How to be a data journalist
Data journalism is huge. I don't mean 'huge' as in fashionable - although it has become that in recent months - but 'huge' as in 'incomprehensibly enormous'. It represents the convergence of a number of fields which are significant in their own right - from investigative research and statistics to design and programming. The idea of combining those skills to tell important stories is powerful - but also intimidating. Who can do all that? The reality is that almost no one is doing all of that, but there are enough different parts of the puzzle for people to easily get involved in, and go from there. 1. 'Finding data' can involve anything from having expert knowledge and contacts to being able to use computer assisted reporting skills or, for some, specific technical skills such as MySQL or Python to gather the data for you. 2. 3. 4. Tools such as ManyEyes for visualisation, and Yahoo! How to begin? So where does a budding data journalist start? Play around. And you know what?


Playing with heat-mapping UK data on OpenHeatMap Last night OpenHeatMap creator Pete Warden announced that the tool now allowed you to visualise UK data . I’ve been gleefully playing with the heat-mapping tool today and thought I’d share some pointers on visualising data on a map. This is not a tutorial for OpenHeatMap – Pete’s done a great job of that himself (video below) – but rather an outline of the steps to get some map-ready data in the first place.

Voices: News organizations must become hubs of trusted data in a market seeking (and valuing) trust Editor’s Note: American readers may know Geoff McGhee for his video project Journalism in the Age of Data, released to acclaim last fall. Here he teams up with two European colleagues — Mirko Lorenz, a German information architect and journalist, and Nicolas Kayser-Bril, head data journalist at OWNI in France — to argue that news organizations should restructure themselves as data generators, gatherers, and analyzers. They believe that selling trusted data should be the foundation of journalism’s new business model. Give their argument a look. Journalists and media companies in general have had to answer a fundamental question ever since their traditional business model collapsed: What are we?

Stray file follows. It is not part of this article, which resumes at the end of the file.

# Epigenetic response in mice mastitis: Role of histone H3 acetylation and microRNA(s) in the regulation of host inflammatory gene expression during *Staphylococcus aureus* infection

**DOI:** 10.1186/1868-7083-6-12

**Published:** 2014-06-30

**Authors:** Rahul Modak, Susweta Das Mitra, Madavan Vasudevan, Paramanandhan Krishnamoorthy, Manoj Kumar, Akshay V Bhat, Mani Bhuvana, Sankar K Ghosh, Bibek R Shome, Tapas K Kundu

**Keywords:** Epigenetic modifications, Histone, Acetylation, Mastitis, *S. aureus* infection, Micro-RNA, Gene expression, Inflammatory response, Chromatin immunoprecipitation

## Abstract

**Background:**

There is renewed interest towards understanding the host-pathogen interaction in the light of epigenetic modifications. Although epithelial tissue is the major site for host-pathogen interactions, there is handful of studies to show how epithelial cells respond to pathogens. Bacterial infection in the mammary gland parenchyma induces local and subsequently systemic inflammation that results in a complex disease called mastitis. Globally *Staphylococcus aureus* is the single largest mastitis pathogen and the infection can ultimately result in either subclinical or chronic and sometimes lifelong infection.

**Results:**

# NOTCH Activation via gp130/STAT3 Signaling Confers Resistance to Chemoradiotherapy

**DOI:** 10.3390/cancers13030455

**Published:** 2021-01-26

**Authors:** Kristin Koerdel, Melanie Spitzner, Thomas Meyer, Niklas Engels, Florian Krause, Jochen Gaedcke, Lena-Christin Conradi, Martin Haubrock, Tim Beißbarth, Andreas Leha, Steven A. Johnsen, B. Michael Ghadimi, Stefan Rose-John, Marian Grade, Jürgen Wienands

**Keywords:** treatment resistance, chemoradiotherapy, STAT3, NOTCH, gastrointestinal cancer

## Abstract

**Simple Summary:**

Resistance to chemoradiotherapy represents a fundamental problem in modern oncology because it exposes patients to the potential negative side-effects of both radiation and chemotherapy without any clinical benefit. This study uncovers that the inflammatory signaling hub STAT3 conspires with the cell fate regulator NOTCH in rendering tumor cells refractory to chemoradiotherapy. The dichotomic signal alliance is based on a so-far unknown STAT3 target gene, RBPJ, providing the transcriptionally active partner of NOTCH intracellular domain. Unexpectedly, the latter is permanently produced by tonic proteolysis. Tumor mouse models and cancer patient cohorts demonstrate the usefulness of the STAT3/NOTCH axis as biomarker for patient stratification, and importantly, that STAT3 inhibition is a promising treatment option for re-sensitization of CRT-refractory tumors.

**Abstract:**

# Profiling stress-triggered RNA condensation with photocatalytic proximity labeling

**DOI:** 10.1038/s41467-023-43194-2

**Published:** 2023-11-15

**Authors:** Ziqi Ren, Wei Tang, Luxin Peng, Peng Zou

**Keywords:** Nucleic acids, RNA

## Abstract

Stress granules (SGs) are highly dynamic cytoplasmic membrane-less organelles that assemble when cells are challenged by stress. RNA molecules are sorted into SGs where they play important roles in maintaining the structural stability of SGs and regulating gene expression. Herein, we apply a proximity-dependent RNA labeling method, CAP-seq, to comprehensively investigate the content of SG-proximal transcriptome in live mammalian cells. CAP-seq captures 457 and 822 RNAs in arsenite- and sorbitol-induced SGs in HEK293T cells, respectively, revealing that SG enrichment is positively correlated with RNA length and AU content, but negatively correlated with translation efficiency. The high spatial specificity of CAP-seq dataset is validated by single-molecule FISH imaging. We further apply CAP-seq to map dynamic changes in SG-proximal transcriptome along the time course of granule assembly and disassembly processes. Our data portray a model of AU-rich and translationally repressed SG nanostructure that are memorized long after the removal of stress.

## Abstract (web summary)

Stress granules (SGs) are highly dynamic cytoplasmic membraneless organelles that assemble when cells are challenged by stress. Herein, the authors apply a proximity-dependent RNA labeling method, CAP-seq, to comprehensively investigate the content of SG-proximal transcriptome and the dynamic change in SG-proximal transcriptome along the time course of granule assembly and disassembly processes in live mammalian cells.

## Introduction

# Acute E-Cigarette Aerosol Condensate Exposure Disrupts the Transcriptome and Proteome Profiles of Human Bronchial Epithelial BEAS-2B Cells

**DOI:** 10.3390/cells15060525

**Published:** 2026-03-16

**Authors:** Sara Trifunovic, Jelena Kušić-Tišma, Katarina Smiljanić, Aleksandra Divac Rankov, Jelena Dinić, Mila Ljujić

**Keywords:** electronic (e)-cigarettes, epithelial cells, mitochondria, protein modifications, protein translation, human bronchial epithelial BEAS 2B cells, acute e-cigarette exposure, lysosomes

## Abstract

How to analyze unfamiliar data: circle, dive, and riff When you come face to face with unfamiliar data, how do you proceed? How do you avoid sending yourself and your shiny “speed of thought” tool slamming into a dead end? Dan Murray’s got a routine — and he’s also got certain music and right-brained books to go along. Dan’s first rule: “Don’t pre-think.” It’s the hardest thing for people to learn, he says. “If you go into [data analysis] thinking you know where you’re going, you easily miss the granule of gold.” Syllabus: Critical thinking, ethics and knowledge-based practice in visual media Storytelling through videography and photography can form the basis for journalism that is both consequential and high impact. Powerful images can shape public opinion and indeed change the world, but with such power comes substantial ethical and intellectual responsibility. The training that prepares journalists to do this work, therefore, must meaningfully integrate deep analytical materials and demand rigorous critical thinking.

Narcolepsy - Introduction Description An in-depth report on the causes, diagnosis, and treatment of narcolepsy. Highlights Overview All people with narcolepsy experience excessive sleepiness during the day. Data journalism pt5: Mashing data (comments wanted) This is a draft from a book chapter on data journalism (part 1 looks at finding data; part 2 at interrogating data; part 3 at visualisation, and 4 at visualisation tools). I’d really appreciate any additions or comments you can make – particularly around tips and tools. UPDATE: It has now been published in The Online Journalism Handbook. The growing importance of data journalism One of the themes from News Foo that continues to resonate with me is the importance of data journalism. That skillset has received renewed attention this winter after Tim Berners-Lee called analyzing data the future of journalism. When you look at data journalism and the big picture, as USA Today’s Anthony DeBarros did at his blog in November, it’s clear the recent suite of technologies is part of a continuum of technologically enhanced storytelling that traces back to computer-assisted reporting (CAR). As DeBarros pointed out, the message of CAR “was about finding stories and using simple tools to do it: spreadsheets, databases, maps, stats,” like Microsoft Access, Excel, SPSS, and SQL Server. That’s just as true today, even if data journalists now have powerful new tools for scraping data from the web with tools like ScraperWiki and Needlebase, scripting with Perl, or Ruby, Python, MySQL and Django.